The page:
Four EU countries and Turkey signed an agreement yesterday (13 July) on the legal framework for the Nabucco gas pipeline, which is expected to decrease Europe’s dependence on Russian gas. Iraq has pledged to supply the pipeline with half of its capacity, without giving a detailed timeframe.
After months of heavy negotiations, the signature was hailed as a significant step towards the construction of the pipeline, which will run from Turkey’s eastern border through Bulgaria, Romania and Hungary to a gas hub in Austria.
Nabucco, with its capacity of 31 billion cubic metres, should provide Europe with an alternative to Russian gas after the January gas crisis between Russia and Ukraine.
“The pipeline now has a stable legal basis, and can guarantee gas transit under equal and transparent conditions for all customers,” said Reinhard Mitschek, managing director of Nabucco Pipeline International, the company managing the consortium.
The European Commission believes that Nabucco will eventually supply as much as 5-10% of Europe’s gas demand. Moreover, it will bring instant relief to countries that are entirely dependent on Russian gas, mainly on the EU’s eastern borders.
The transit agreement does not include many details but provides the necessary legal certainty to conclude supply contracts. Up till now, insufficient amounts of gas have been committed to fill the pipeline. Azerbaijan is seen as the first supplier, but Middle Eastern countries are expected to follow.
The intergovernmental deal enables the EU to invest the €200 million set aside for the project as part of its €5 billion economic recovery package. It was agreed that the subsidised energy projects would have to take off before the end of 2010 if the money is to make a difference in stimulating Europe’s economy, which is facing a severe recession.
At least half of Nabucco’s capacity has to be sold on the open market. The companies that own the pipeline will have the first option on 50%, but any remaining capacity will be placed on the market.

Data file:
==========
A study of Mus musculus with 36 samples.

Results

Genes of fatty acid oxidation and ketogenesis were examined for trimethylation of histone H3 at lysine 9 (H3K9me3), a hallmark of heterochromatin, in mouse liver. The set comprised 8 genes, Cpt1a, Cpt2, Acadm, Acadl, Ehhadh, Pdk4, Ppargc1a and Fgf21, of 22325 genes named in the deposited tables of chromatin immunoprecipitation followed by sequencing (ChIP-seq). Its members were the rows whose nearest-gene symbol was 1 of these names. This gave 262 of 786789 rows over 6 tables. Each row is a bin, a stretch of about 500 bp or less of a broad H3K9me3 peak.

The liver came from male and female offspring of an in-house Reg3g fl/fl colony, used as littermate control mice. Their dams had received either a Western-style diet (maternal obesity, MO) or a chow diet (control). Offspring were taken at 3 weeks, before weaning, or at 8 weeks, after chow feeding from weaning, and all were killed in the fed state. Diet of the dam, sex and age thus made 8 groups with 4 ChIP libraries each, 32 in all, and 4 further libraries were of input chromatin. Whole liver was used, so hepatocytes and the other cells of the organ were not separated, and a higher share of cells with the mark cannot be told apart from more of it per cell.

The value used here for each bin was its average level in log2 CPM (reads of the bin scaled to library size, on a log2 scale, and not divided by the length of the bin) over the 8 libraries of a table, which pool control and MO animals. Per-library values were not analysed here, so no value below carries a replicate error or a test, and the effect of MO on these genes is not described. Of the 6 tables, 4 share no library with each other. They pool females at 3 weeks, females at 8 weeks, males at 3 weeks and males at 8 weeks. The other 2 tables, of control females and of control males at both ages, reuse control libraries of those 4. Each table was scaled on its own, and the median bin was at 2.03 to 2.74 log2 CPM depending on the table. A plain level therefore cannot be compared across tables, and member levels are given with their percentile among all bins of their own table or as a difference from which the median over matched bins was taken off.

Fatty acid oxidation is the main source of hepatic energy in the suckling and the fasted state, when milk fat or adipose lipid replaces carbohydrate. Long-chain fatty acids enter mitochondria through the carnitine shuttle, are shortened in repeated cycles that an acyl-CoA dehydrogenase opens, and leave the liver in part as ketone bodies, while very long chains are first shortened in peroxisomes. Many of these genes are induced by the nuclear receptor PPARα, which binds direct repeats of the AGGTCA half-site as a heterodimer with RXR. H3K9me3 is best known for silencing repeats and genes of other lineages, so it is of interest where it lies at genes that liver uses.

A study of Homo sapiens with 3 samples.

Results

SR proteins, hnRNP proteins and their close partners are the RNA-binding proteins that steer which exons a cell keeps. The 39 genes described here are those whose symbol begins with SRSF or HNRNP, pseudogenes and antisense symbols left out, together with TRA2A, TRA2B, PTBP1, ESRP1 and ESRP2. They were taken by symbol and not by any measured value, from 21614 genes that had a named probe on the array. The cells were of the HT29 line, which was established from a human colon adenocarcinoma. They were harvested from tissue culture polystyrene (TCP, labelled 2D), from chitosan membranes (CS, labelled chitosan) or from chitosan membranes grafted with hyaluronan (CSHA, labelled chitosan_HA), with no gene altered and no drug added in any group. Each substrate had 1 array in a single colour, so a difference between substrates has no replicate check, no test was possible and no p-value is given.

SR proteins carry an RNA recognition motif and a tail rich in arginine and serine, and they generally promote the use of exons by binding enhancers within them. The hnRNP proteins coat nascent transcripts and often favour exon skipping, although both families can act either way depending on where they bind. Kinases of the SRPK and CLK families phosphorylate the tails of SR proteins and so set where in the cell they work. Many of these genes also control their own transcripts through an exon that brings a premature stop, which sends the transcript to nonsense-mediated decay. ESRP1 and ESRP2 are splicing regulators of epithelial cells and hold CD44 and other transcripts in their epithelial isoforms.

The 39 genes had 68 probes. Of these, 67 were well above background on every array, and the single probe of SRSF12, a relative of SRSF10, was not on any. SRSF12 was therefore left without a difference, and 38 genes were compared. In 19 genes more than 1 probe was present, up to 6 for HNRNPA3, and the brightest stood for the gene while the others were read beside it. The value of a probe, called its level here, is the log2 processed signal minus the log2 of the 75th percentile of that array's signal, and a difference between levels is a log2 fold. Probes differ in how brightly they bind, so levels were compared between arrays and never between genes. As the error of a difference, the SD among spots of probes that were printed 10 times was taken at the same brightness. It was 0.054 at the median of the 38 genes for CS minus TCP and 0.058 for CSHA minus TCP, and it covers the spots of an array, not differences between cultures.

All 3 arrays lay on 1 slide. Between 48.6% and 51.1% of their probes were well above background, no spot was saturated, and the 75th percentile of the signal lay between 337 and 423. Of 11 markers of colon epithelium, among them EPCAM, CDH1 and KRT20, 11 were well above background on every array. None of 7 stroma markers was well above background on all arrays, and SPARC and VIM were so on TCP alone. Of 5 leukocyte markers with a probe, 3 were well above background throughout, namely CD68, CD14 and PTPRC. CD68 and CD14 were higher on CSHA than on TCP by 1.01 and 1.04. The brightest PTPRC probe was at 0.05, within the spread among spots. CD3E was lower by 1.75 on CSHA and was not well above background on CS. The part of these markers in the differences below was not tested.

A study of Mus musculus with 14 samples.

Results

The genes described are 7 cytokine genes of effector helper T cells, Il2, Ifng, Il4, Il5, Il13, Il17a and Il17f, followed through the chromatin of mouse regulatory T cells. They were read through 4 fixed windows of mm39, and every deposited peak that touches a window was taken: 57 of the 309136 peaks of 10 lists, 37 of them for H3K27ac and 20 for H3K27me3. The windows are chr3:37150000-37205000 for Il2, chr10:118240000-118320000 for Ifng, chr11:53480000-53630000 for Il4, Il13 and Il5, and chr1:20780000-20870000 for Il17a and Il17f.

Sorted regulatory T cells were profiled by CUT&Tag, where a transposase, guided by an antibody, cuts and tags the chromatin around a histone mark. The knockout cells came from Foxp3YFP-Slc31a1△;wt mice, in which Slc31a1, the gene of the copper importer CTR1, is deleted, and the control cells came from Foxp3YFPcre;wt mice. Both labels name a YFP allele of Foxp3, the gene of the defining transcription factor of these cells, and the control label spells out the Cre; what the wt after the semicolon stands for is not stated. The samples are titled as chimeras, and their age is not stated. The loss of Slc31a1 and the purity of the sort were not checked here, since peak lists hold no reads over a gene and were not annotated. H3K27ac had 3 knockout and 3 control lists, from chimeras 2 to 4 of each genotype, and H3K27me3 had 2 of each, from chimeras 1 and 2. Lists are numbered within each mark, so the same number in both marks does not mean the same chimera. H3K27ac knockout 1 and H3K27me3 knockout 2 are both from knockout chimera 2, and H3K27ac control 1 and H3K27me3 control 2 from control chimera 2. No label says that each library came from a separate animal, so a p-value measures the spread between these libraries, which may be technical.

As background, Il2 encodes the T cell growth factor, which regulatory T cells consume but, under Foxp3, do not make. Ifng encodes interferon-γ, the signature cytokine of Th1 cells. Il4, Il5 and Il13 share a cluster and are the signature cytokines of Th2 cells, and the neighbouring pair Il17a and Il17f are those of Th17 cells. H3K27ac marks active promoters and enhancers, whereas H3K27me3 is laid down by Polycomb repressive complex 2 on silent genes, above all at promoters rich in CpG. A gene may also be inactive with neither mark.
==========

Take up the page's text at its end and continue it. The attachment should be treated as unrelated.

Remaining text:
In order to simplify the process of shipping gas across multiple jurisdictions, a single operator, the Nabucco International Company, has been designated as the interlocutor for all companies wishing to use the pipeline.
Turkey’s claim to 15% of the gas running through its territory at favourable rates was not acknowledged in the agreement and remains a subject for further trade discussions. The EU considers this as a deal breaker and stressed that it wants Turkey to remain a transit country.
The intergovernmental agreement tiptoes around the issue, stating that EU law would apply within the Union’s borders. Within Turkey, a “specific regime consistent with Turkey’s domestic legal situation” would be put in place, the Commission said.
Furthermore, the EU’s gas market rules state that the pipeline must be open to third-parties within the EU unless a derogation is obtained. Moreover, a connection to a third country requires that country to apply a regime which is compatible with EU energy market rules.
The Nabucco consortium will now spend the remainder of the year trying to attract capacity contracts. The European Commission says companies in Azerbaijan and Iran have shown a strong interest in concluding immediate deals.
US says ‘no’ to Iran gas
Reuters reported US special envoy Richard Morningstar as saying that Russia is free to supply gas to the Nabucco pipeline, but reiterated Washington’s opposition to the use of Iranian gas.
Morningstar said the option had looked viable prior to the Iranian elections, but the ‘de facto’ coup in Iran “makes the immediate commercial goals dimmer for Nabucco”.
Recep Tayyip Erdogan, Turkey’s prime minister, reiterated his desire for Iran to become a supplier “when conditions allow”.
Iraq offers half of the capacity
Iraq’s Prime Minister Nur-al-Maliki, present at the Turkey summit, said that his country would supply Europe with 15 billion cubic metres, or half of Nabucco’s capacity.
However, Maliki did not give a timeframe, nor did it become clear if these sales would be for Nabucco.
Maliki’s comments came a day after Iraqi government spokesman Ali al-Dabbagh said Iraq did not have any surplus gas to sell via Nabucco at present.